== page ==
The vegan dishes of Addis in Cape in Cape Town

Veganism isn’t new for Africans—it’s a return to our roots, say these chefs and entrepreneurs

Nikita Singh
By Nikita Singh

South Africans love meat. Ask anyone what our national dish is: they’ll probably say a braai or shisa nyama, which in Zulu literally translates to ‘burn meat’.

However, the staple foods of South Africa are not meat-based. It’s said that Nelson Mandela’s favorite meal was umngqusho, or samp and beans, a traditional Xhosa dish made from white maize and sugar beans.

South Africa’s modern-day vegan movement has been concentrated in Cape Town with a small elite following, but now more South Africans, beyond that privileged group, are embracing the trend and finding innovative solutions to make their diet affordable and sustainable.

“More Africans are going back to being vegan, not becoming vegan,” says chef Nicola Kagoro from the culinary movement African Vegan on a Budget. The company hosts cooking classes and pop-up restaurants to showcase and educate customers about budget-friendly vegan African cuisine. Kagoro hosts ‘Dinners with Chef Cola’ in Harare and Cape Town.

When she first started hosting vegan dinners in Harare, finding willing patrons was a challenge. Kagoro had to charge just one dollar per person to encourage attendance, and show people that veganism isn’t difficult.

Addis in Cape
Vegan by default at Addis in Cape, Cape Town

Kagoro explains that our ancestors ate meat rarely: “Veganism originated in Africa. We keep sheep and cattle, but back in the day, when we slaughtered these animals, it was only for special reasons like a ceremony or a celebration like a wedding, the birth of a child, or a funeral.”

She believes that through colonization, and the monetization of cattle, Africans started eating more meat, and abandoned traditional plant-based diets. “We’ve forgotten our roots and our culture. Our grandmothers and great grandmothers had beautiful healthy diets, and even if they incorporated meat in those diets, it wasn’t as much as now.”

Kenn Ayere, owner of Hombaze Restaurant in Johannesburg, shares a similar perspective: “Our ancestors ate a lot of organic food. Food that was not tampered with. Food that was not produced in laboratories; and that gave them a lot of good health.” Ayere says Hombaze serves food from West, East and Central Africa, “a place where you eat home food, as your grandmother would have made it.”

Even though the restaurant serves meat, it also boasts an entire vegan menu. Ayere explains that many traditional African meals are already vegan: yam and vegetables, Ghanaian beans and plantains, South African pap and chakalaka, and Kenyan chapati and vegetable stew. These everyday African meals contain no meat, dairy, or eggs.

Similarly, many traditional Ethiopian dishes are vegan. Ethiopian Orthodox Christians observe 180 fasting days a year, and on those days they eat mostly vegan meals. “Growing up in Ethiopia, people are not attached to meat. The daily food is vegan food. They don’t really eat meat because it is expensive. Vegan is daily life,” explains Senait Mekonnen, owner of Addis in Cape Restaurant in Cape Town’s central business district.

Hombaze
Beans and fried plantains at Hombaze, Johannesburg

When it comes to vegan cuisine, Mekonnen specializes in comfort food. Hearty dishes like misir wat, a spiced red lentil stew; or shiro wat, a chickpea flour stew, are popular choices on her menu. She explains that vegan cafés usually use expensive nut-based products; but Ethiopian meals are made with affordable ingredients like lentils, chickpeas and spinach and is therefore more accessible to lower income customers.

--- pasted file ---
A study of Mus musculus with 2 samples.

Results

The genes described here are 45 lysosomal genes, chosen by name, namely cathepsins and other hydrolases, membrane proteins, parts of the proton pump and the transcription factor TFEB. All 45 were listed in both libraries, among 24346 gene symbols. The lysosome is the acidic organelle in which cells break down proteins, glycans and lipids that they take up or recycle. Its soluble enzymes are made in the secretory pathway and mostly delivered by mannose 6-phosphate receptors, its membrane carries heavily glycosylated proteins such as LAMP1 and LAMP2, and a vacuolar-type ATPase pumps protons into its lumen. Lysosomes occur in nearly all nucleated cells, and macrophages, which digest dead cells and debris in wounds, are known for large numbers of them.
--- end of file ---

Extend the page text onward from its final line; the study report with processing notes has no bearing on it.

Veganism has been on the rise in the richer countries like the United States and the UK as consumers become more conscious and concerned about the environmental impact of eating meat and growing dietary and health worries. The public perception of veganism is believed to have shifted. “The old-fashioned idea was that veganism is anhedonic lifestyle based on grim restrictions, requiring immense discipline and sacrifice,” says Cambridge University philosopher Sandy Grant.

Once a month, Addis in Cape hosts a forum discussion for environmental organization Talking Tree. Mekonnen has noticed that meeting attendance is no longer overwhelmingly white, with members coming from around the Western Cape, including Khayelitsha township. She believes that veganism is now a choice for everyone, not just the wealthy.

Young entrepreneurs in South Africa have also tapped into the trend and transformed veganism to create food that is meat-free and comforting. Sinenhlanhla Ndlela founded dairy-free ice cream business Yococo, which features traditional South African flavors like rooibos tea and granadilla. Chef Elisha Madzivadondo built a vegan following through hearty and satisfying plant-based burgers using homegrown ingredients.

Madzivadondo’s innovative approach to veganism is organic urban gardening. He grows microgreens and sprouts in a small city garden in Cape Town. Microgreens have a quick harvest time, and therefore do not require pesticides and herbicides.

“Farmers have let us down, the only way to trust is to grow your own,” says Madzivadondo. He believes that mass production farming uses too many chemicals, and he encourages others to start their own backyard gardens.

After selling burgers and juices at food markets, Madzivadondo now owns a popular café in Sea Point called The Sunshine Food Co. The burgers are 80% microgreens and sprouts, and 20% butternut and sweet potato.

Nicola Kagoro says, “South Africa is one of the leading vegan trendsetters in Africa”: Whether it’s burgers, shiro wat, or pap and chakalaka, South Africans are returning to their vegan roots and leading the trend with plant-based comfort food.